This chapter of the Leaving Home series is dedicated to my dad. If it weren’t for him following my mom to America, I wouldn’t be here. Thank you for coming here to give me a wonderful life! Love you!
November of 1984, Ed immigrated to the United States at the age of 28. He came two years after the immigration of his girlfriend – now wife – Benita, who had promised that she would return home after two years. Benita had decided that March to not renew her contract with the hospital she had been placed with in Paris, Texas but to instead move to Dallas with friend and fellow nurse Nida. The public hospital Parkland had accepted her and would be her new sponsor. Because she was now a new employee, she didn’t have any vacation time that she could use to go home to the Philippines to see Ed.
The immigration process for Ed didn’t take very long. His ninang (godmother) Pilita Corrales (above) – a well-known Filipina pop singer-songwriter – helped him obtain a visa with the help of her boyfriend at the time, who was the General Consul in the U.S. Immigration in Manila. Ed left for the U.S. within a month of receiving his visa.
Scared and excited, Ed boarded a plane to America with just some clothes and spending money. He was excited to see Benita again after not seeing her for two years. In those two years, he had helped Benita’s family that was still in the Philippines, helping with things such as the chores and cooking around the house.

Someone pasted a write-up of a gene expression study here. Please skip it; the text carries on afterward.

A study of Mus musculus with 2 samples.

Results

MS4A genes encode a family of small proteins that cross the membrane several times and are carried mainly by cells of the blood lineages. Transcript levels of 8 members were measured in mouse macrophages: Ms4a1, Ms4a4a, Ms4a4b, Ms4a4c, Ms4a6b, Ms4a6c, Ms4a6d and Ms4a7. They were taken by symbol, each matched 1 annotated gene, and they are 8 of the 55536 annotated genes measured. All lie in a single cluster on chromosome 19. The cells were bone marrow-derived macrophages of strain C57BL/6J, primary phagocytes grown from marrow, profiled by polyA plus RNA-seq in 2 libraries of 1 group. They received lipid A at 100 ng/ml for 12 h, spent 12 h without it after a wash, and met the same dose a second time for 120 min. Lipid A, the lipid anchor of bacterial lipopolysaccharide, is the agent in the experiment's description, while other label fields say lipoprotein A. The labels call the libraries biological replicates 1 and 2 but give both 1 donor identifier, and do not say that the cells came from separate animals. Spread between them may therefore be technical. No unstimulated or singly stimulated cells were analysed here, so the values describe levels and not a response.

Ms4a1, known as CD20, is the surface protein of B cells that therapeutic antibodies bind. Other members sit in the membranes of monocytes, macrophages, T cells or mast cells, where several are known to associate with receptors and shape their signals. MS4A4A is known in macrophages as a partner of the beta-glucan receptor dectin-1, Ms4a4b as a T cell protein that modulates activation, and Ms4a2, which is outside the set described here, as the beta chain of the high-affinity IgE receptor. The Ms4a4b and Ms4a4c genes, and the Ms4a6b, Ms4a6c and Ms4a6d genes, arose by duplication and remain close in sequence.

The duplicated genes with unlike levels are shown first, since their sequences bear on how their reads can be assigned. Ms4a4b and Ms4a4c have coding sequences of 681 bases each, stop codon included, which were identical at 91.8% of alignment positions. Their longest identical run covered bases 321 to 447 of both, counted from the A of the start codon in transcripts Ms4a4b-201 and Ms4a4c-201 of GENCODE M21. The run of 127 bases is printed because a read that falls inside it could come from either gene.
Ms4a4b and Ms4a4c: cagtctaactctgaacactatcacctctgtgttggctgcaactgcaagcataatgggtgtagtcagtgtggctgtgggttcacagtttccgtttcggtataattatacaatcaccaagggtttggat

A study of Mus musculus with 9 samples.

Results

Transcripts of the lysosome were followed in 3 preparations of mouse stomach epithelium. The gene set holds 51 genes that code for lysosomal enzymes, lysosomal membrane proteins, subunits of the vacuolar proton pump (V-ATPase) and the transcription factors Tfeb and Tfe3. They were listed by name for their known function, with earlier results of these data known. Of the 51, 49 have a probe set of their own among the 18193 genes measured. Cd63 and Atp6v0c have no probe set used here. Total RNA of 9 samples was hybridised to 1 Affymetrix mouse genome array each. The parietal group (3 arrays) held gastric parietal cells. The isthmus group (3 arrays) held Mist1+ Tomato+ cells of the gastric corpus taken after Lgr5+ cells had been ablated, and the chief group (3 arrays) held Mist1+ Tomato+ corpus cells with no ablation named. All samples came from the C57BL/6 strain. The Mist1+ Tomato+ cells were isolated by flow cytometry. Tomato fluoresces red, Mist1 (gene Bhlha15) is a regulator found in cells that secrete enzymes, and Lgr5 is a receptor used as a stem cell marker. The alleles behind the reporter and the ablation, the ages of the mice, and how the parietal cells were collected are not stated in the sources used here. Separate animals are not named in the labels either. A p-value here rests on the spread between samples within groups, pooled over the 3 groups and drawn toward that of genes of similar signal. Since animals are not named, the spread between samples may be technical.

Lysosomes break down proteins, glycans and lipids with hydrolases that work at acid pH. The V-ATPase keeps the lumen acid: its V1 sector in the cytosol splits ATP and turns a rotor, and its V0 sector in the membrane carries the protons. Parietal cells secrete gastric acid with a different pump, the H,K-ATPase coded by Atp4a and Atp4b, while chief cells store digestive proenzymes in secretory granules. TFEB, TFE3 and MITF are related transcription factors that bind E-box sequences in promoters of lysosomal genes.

Upon arriving in the states, Ed moved in with Benita in Dallas. Nothing could have prepared Ed for the quietness of American suburban life. Coming from the hustling and bustling sounds of the Philippines, Dallas was too quiet. He seldom saw anybody walking in the streets. And because he had arrived in November, the cold was a shock to his Filipino system.
Seven years later in 1991, Ed became a U.S. citizen.
When asked if he ever faced adversity or discrimination based on his race, Ed says:
“[I remember] sometimes being ignored by the sales lady at the store [or] mall when [my two children] were still small.”
Thirty-one years after immigrating, at the age of 59, Ed has no regrets with his decision to start life anew in the United States.
He’s gone home to the Philippines three times since immigrating: once in 1991 to visit family, again in 1998 to visit his mother who was in serious condition in the hospital, and lastly three months later to attend her funeral. Ed will be going back to the Philippines this summer to visit his family. It will have been eighteen years since he saw them all.